Capuchin Father Raniero Cantalamessa CNS photo/Tyler Orsburn

Jesus would have been a great 'fit' on TV

By  Carol Glatz, Catholic News Service
  • July 16, 2014

VATICAN CITY - The Gospel is made for television and Jesus Christ would have been a perfect on-air evangelist, said the papal preacher.

Televised programming requires "brevity, concision, applicability to life, and word and images blended together. It is an endeavour one can undertake without betraying the Gospel, quite the contrary, by imitating it," said Capuchin Father Raniero Cantalamessa, preacher of the papal household.

Jesus spoke in a very concrete way, using "parables, images, aphorisms and short stories," he said in an interview published in the late July edition of the Italian Catholic magazine, Credere.

"The Gospel is intrinsically 'fit for television,' ” he said.

If He had been born into the world today, "Jesus would have been the ideal television preacher," said the priest, who, for 15 years, hosted a weekly Gospel reflection on RAI Uno, a major channel on Italian television.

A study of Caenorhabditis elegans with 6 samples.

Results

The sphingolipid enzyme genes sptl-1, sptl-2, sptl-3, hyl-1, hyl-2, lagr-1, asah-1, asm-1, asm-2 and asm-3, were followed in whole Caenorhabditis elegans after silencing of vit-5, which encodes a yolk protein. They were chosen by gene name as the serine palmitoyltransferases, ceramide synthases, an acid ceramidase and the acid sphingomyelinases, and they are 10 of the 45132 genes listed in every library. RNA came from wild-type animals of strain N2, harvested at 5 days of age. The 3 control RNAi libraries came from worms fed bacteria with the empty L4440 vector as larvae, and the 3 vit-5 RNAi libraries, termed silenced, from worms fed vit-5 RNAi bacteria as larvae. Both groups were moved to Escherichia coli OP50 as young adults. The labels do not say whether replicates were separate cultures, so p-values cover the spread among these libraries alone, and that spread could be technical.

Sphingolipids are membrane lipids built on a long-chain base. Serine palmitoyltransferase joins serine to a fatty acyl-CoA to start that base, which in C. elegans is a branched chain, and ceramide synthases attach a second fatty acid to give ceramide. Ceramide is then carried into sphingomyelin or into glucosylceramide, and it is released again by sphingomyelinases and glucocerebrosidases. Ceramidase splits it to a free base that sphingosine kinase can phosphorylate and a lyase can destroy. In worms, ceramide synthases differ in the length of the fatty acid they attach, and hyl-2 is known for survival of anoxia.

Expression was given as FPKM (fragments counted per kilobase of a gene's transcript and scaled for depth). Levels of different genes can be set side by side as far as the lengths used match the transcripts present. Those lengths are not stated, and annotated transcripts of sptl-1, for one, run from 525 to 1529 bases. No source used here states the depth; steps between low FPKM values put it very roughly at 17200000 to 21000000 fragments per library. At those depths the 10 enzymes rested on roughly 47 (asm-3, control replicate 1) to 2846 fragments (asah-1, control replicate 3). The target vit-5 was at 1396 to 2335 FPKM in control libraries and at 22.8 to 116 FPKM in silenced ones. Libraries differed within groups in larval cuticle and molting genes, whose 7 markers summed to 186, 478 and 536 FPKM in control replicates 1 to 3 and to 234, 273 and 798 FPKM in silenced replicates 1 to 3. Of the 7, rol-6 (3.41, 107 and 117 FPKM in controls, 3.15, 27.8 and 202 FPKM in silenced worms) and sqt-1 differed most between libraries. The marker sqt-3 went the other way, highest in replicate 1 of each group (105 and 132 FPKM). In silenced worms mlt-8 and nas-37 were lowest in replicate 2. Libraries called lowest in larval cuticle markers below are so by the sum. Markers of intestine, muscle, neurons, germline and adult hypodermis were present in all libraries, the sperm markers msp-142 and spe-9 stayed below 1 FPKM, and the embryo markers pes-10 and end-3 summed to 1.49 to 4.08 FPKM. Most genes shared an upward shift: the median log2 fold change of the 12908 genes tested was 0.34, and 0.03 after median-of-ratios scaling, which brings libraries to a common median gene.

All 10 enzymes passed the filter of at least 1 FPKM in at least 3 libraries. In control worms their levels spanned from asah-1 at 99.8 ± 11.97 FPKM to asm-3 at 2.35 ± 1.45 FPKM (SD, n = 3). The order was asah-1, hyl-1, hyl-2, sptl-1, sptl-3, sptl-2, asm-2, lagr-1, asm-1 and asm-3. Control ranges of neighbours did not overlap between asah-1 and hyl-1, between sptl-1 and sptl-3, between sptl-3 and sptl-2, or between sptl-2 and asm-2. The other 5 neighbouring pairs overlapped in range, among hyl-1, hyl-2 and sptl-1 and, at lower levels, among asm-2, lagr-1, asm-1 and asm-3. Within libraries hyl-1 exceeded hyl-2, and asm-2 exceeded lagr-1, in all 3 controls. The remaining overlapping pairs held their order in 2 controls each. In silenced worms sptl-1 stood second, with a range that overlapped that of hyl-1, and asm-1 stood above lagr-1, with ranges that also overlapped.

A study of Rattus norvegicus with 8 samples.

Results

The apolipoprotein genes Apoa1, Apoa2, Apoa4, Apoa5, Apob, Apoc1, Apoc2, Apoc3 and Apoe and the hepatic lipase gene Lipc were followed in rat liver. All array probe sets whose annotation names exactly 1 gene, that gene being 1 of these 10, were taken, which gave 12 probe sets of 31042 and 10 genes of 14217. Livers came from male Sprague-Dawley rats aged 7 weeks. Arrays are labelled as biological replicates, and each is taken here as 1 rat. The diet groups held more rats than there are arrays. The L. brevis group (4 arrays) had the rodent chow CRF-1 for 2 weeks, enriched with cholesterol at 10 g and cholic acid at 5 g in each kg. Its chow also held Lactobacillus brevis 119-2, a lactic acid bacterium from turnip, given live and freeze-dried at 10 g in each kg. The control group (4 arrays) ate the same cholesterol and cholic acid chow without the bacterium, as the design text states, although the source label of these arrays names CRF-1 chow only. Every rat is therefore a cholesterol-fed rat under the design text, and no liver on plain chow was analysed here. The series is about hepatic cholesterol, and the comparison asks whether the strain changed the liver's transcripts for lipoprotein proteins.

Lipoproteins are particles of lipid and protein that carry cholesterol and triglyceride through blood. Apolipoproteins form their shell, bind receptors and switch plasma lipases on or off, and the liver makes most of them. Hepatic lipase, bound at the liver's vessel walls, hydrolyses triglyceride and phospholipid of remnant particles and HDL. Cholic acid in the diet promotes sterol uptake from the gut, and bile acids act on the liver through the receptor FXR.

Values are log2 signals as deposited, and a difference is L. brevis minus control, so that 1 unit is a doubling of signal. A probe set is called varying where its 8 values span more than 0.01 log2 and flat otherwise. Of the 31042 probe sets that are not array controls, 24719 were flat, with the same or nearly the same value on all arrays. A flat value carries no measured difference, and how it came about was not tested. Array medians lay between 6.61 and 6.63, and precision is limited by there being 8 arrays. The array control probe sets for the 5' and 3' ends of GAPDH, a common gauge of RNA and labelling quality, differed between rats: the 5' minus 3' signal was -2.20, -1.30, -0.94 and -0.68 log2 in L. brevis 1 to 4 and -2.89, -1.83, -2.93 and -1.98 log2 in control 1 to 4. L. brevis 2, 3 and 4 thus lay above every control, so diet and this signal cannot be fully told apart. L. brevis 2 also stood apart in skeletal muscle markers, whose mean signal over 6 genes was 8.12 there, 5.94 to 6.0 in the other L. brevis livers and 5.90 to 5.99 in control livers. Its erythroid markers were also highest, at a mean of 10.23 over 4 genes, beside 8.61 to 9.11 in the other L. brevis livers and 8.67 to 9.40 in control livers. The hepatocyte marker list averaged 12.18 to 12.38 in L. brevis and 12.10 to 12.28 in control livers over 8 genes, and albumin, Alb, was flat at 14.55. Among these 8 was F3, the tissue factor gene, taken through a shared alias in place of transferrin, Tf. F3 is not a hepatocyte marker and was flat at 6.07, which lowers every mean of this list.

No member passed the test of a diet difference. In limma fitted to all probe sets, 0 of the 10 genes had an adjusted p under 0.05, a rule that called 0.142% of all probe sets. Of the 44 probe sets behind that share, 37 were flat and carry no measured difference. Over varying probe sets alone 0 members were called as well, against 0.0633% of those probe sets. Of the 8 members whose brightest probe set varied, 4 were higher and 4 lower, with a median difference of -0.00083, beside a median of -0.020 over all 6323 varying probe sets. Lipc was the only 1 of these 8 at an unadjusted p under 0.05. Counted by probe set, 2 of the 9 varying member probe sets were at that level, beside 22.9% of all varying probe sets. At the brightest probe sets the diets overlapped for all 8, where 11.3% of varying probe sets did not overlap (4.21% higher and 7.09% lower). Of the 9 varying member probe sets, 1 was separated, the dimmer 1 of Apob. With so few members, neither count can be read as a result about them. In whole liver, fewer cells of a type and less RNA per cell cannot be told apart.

"There's a deep affinity between the Gospel message and the medium of television," he said, because television "helps the message reach people's hearts."

"Jesus multiplied bread and fish in order to feed thousands of people," Cantalamessa said. "Television multiplies the word, and not by 1,000, but by millions."

The Italian Capuchin priest, who will turn 80 July 22, has been papal preacher since 1980 when St. John Paul II appointed him; Pope Benedict XVI and Pope Francis respectively confirmed his position. The papal preacher is tasked with preparing the traditional series of Lenten and Advent reflections each year for the Pope and top Vatican officials and is charged with preaching at the Pope's public celebration of the Liturgy of the Lord's Passion on Good Friday.

Cantalamessa said he figures he has given about 280 meditations in the past 34 years. With each meditation lasting about 30 minutes, "I've been responsible for having taken up a good 140 hours of the last three popes' precious time," he said.